There are many variations on the theme that one can not address or resolve a problem until one first recognizes that the problem exists. When it comes to network and data security, and the ability to defend against data breaches, it seems that a majority of IT pros aren’t yet willing to admit the problem exists.
A survey of IT pros by ThreatTrack Security found that many organizations are ramping up investment in security initiatives, and there does seem to be more awareness of security concerns, and more support from company executives. All of that is great news, and definitely trending in the right direction. However, the percentage of IT professionals who are not just confident but willing to guarantee that a data breach won’t occur on their watch betrays either ignorance, or a cavalier attitude that attacks just won’t impact them.
I wrote about the ThreatTrack report in a blog post:
It’s been a rough year for businesses when it comes to data breaches. A new report from ThreatTrack Security suggests that things will improve dramatically in 2015—that is, unless the survey participants are overstating the efficacy of their network defenses. It’s important for you to take steps to secure your own data to make sure you’re protected either way.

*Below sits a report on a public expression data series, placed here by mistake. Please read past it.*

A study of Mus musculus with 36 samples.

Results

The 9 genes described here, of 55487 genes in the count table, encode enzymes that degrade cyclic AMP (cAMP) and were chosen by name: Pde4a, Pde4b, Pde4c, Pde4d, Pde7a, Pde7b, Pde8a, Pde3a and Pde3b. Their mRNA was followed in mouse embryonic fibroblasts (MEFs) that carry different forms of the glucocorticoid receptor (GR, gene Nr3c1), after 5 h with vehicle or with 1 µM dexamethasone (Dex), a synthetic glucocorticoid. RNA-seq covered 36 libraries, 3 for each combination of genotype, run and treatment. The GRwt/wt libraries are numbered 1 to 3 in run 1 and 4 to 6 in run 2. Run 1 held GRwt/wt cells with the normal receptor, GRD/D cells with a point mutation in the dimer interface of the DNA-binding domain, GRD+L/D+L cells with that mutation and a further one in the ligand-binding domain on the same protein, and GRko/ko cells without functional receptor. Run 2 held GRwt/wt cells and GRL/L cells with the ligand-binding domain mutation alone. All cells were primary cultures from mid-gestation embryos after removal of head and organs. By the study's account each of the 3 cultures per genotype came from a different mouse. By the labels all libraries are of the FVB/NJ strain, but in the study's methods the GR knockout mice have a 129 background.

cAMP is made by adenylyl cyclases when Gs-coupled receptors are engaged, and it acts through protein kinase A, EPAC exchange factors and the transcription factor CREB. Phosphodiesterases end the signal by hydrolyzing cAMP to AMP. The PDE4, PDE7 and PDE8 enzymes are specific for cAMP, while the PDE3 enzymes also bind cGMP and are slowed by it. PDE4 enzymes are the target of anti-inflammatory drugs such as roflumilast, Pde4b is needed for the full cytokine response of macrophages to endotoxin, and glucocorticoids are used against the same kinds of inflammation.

The title of the ThreatTrack report—2015 Predictions from the Front Lines: Cybersecurity Professionals Very Confident in Their Ability to Fight Data Breaches in 2015—spells it all out. The survey of 250 IT professionals from companies of 2,000 or more employees reveals a high level of confidence when it comes to guarding against cyber attacks.
The summary of the report states, “though security professionals expect their organizations to be increasingly targeted by cybercrime in 2015, they are feeling optimistic—so much so that a significant majority is willing to personally guarantee the safety of their customers’ data. Their optimism appears rooted in plans to invest in the coming year on shoring up cyber defenses.”
Let’s start by taking a look at some of the findings from the survey. Nearly seven out of ten respondents believe their organizations are more likely to be targeted by a cyber attack in 2015. However, 94 percent indicated that their ability to detect and prevent data breaches will improve in 2015.
Check out the full story at PCWorld: Report: IT pros are overly confident that they know how to prevent data breaches.